Feature

Good Calories, Bad Calories: Challenging the Conventional Wisdom on Diet, Weight Control, and Disease

Americans need to rethink most of what they

by Gary Taubes (Knopf, $27.95)

Americans need to rethink most of what they’ve been taught about diet and exercise, says science journalist Gary Taubes. Despite what the government has been saying for the past 40 or 50 years, cutting fat from your diet won’t help you shed pounds or extend your life expectancy. Exercising won’t burn off those love handles, either. The best evidence available today indicates that public health officials bought into some flimsy hypotheses in the 1960s and have been mindlessly repeating them ever since. If we really want to know why Americans are overweight, Taubes says, scientists need to be willing to consider that future generations could be better off saying yes to butter and bacon and no to Stairmasters and bread.

It’s “bizarre” how bad some expert advice on diet is, said John Tierney in The New York Times. When surgeon general C. Everett Koop labeled ice cream a health menace equivalent to tobacco some 20 years ago, he unwittingly revealed himself to be a victim of what social scientists call an “informational cascade.” As Taubes shows, the whole “fat is bad” theory started with a 1953 heart-disease study whose findings should have helped clear fat of blame. Instead, a single prominent researcher championed the opposite conclusion and started a groundswell. Soon, almost every nutritionist in the country believed it. Taubes is certainly brave to stand up to conventional wisdom, said Gina Kolata, also in the Times. It’s just not clear that his own theory about weight gain provides a better answer.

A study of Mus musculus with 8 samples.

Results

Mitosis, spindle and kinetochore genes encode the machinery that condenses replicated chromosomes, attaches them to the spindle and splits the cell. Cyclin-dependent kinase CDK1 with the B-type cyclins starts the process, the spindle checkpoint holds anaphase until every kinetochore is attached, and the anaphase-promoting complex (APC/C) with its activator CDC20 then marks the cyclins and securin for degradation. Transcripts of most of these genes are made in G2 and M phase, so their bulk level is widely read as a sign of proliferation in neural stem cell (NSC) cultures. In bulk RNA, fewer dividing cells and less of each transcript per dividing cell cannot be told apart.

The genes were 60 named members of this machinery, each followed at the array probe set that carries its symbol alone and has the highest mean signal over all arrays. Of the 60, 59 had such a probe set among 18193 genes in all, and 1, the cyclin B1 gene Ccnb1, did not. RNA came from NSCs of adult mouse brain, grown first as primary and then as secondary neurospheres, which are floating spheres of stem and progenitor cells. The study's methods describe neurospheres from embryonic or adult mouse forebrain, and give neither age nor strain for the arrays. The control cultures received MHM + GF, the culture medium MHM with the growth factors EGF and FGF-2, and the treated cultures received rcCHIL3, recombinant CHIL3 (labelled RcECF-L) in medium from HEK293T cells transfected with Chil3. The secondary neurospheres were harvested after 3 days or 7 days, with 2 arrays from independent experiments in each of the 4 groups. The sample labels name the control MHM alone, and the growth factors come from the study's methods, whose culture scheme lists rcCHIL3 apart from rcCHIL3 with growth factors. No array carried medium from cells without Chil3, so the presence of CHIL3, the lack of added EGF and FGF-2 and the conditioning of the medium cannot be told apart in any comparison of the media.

Taubes suspects that refined carbohydrates are the real killers at the dinner table, said Scott Gottlieb in The Wall Street Journal. Refined carbs—particularly sugars and sweeteners—trigger dramatic surges in insulin, the hormone that governs fat accumulation. Though Taubes cares too much about good science to suggest that he’s positively identified the culprit behind recent rises in obesity, diabetes, and heart disease, he makes “a fascinating case.” Consider just this one fact from a book that’s almost overloaded with them, said Tony Miksanek in the Chicago Sun-Times. The typical American of the early 1800s ate 178 pounds of meat each year. Today, meat consumption is about the same, but the average American has tacked on nearly 150 pounds of sugars and sweeteners.